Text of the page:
Obama’s 2006 Speech on Religion

In discussing James Dobson’s attack on Obama yesterday I used a quotation I had handy to illustrate Obama’s viewpoint which Dobson is attacking. I’ve since dug up the actual speech at the Call to Renewal’s Building a Covenant for a New America conference which Dobson is referring to. The transcript is available here.

Obama discussed the relationship between religion and government. He supported more consideration of religion than is common among liberals but also stressed the limitations of using religion as the basis for public policy. He also recognizes that religious views will influence public debate on issues of morality but that morality is not limited to religion:

But what I am suggesting is this – secularists are wrong when they ask believers to leave their religion at the door before entering into the public square. Frederick Douglas, Abraham Lincoln, Williams Jennings Bryant, Dorothy Day, Martin Luther King – indeed, the majority of great reformers in American history – were not only motivated by faith, but repeatedly used religious language to argue for their cause. So to say that men and women should not inject their “personal morality” into public policy debates is a practical absurdity. Our law is by definition a codification of morality, much of it grounded in the Judeo-Christian tradition.

In fact, because I do not believe that religious people have a monopoly on morality, I would rather have someone who is grounded in morality and ethics, and who is also secular, affirm their morality and ethics and values without pretending that they’re something they’re not. They don’t need to do that. None of us need to do that.

Later in the speech Obama discussed the point which I referred to in the earlier post and which Dobson is attacking:

Democracy demands that the religiously motivated translate their concerns into universal, rather than religion-specific, values. It requires that their proposals be subject to argument, and amenable to reason. I may be opposed to abortion for religious reasons, but if I seek to pass a law banning the practice, I cannot simply point to the teachings of my church or evoke God’s will. I have to explain why abortion violates some principle that is accessible to people of all faiths, including those with no faith at all.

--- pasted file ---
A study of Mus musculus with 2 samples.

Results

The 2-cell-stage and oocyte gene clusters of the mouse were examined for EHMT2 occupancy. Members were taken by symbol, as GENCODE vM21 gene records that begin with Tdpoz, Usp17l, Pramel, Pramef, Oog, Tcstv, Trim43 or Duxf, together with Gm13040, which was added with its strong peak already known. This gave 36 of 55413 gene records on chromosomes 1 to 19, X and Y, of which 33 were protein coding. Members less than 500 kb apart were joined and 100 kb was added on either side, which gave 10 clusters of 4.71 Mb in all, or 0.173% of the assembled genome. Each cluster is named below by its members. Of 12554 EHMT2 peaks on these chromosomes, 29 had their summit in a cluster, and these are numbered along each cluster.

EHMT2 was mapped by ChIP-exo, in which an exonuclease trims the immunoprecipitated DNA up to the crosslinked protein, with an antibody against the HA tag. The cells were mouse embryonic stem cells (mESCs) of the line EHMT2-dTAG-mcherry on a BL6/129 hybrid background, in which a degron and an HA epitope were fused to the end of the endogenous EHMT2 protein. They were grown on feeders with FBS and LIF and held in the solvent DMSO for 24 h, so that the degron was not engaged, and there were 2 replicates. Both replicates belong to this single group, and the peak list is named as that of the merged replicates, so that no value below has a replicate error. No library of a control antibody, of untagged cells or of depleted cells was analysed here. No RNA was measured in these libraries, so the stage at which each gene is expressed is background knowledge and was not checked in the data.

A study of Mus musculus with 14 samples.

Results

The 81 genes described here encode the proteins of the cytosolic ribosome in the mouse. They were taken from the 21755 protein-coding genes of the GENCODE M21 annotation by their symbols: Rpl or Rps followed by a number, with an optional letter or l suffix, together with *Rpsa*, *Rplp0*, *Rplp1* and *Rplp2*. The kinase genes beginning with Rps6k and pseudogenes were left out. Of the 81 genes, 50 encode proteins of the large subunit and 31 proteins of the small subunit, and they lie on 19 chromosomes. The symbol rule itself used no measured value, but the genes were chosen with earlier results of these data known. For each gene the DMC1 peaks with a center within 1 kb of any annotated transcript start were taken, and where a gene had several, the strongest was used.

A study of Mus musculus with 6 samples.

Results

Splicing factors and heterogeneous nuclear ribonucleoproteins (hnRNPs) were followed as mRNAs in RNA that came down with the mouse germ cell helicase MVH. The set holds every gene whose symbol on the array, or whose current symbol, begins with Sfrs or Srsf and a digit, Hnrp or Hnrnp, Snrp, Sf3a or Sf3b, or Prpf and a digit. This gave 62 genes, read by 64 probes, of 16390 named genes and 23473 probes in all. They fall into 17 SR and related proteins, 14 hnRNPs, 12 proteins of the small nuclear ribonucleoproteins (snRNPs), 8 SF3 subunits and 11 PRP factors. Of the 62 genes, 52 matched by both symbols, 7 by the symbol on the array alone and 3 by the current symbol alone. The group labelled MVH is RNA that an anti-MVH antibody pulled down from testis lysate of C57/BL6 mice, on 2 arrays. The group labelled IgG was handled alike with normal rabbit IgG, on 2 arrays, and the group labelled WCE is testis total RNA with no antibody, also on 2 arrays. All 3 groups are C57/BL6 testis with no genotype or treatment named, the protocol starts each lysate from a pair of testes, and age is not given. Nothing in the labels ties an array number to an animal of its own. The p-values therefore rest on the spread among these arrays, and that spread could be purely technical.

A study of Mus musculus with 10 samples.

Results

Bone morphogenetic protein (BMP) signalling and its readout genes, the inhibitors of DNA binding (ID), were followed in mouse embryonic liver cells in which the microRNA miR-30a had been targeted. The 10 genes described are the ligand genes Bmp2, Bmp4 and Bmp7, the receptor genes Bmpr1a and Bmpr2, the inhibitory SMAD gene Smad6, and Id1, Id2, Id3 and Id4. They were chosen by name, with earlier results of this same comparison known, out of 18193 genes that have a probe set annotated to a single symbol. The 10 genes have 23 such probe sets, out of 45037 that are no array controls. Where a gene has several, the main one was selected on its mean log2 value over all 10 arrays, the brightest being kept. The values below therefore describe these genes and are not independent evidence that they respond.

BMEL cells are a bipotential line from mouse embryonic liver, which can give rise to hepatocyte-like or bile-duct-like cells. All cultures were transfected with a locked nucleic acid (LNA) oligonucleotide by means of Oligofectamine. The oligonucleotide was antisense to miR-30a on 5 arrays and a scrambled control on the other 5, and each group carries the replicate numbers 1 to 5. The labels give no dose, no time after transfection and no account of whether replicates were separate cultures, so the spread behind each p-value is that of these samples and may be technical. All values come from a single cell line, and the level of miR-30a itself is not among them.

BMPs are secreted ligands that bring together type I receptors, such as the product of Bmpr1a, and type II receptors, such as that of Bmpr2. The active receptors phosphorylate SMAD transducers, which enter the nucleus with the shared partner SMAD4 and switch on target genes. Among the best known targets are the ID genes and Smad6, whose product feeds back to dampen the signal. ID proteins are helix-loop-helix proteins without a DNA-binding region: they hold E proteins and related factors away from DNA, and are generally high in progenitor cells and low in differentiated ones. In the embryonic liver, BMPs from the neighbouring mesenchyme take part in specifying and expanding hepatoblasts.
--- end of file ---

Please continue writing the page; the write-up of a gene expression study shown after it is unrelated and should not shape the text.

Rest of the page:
Now this is going to be difficult for some who believe in the inerrancy of the Bible, as many evangelicals do. But in a pluralistic democracy, we have no choice. Politics depends on our ability to persuade each other of common aims based on a common reality. It involves the compromise, the art of what’s possible. At some fundamental level, religion does not allow for compromise. It’s the art of the impossible. If God has spoken, then followers are expected to live up to God’s edicts, regardless of the consequences. To base one’s life on such uncompromising commitments may be sublime, but to base our policy making on such commitments would be a dangerous thing.

Talk to Action also discusses Dobson’s attacks, along with his denial of separation of church and state. They conclude:

Dobson and Obama can disagree all they want about the proper interpretation of the Bible. But Barack Obama taught constitutional law at the University of Chicago for twelve years, while James Dobson has a long record of issuing utterly spurious declarations about the constitution with complete conviction.

1 Comment

  1. 1
    MsJoanne says:

    Dobson is one of the most repugnant individuals to enter the political stage.  How about paying some taxes before you take them for your faith based bullshit?  Nah, it’s easier to buy a politician. 
    Fuck you, dude…you deserve every bad thing that happens to you.  If there was a god who smote, this man would be toast. 
    I have rarely hated someone as much as this man.  His wife is chattel to come after the husband, children and dog routine disgusts me.  His Focus on the Family organization based in Colorado Springs, CO requires – mandates – that its employees attend church and pray.  He is everything which is anti-American.
    And it is soooooooooooo sweet to watch him know that his power on the political stage is doomed.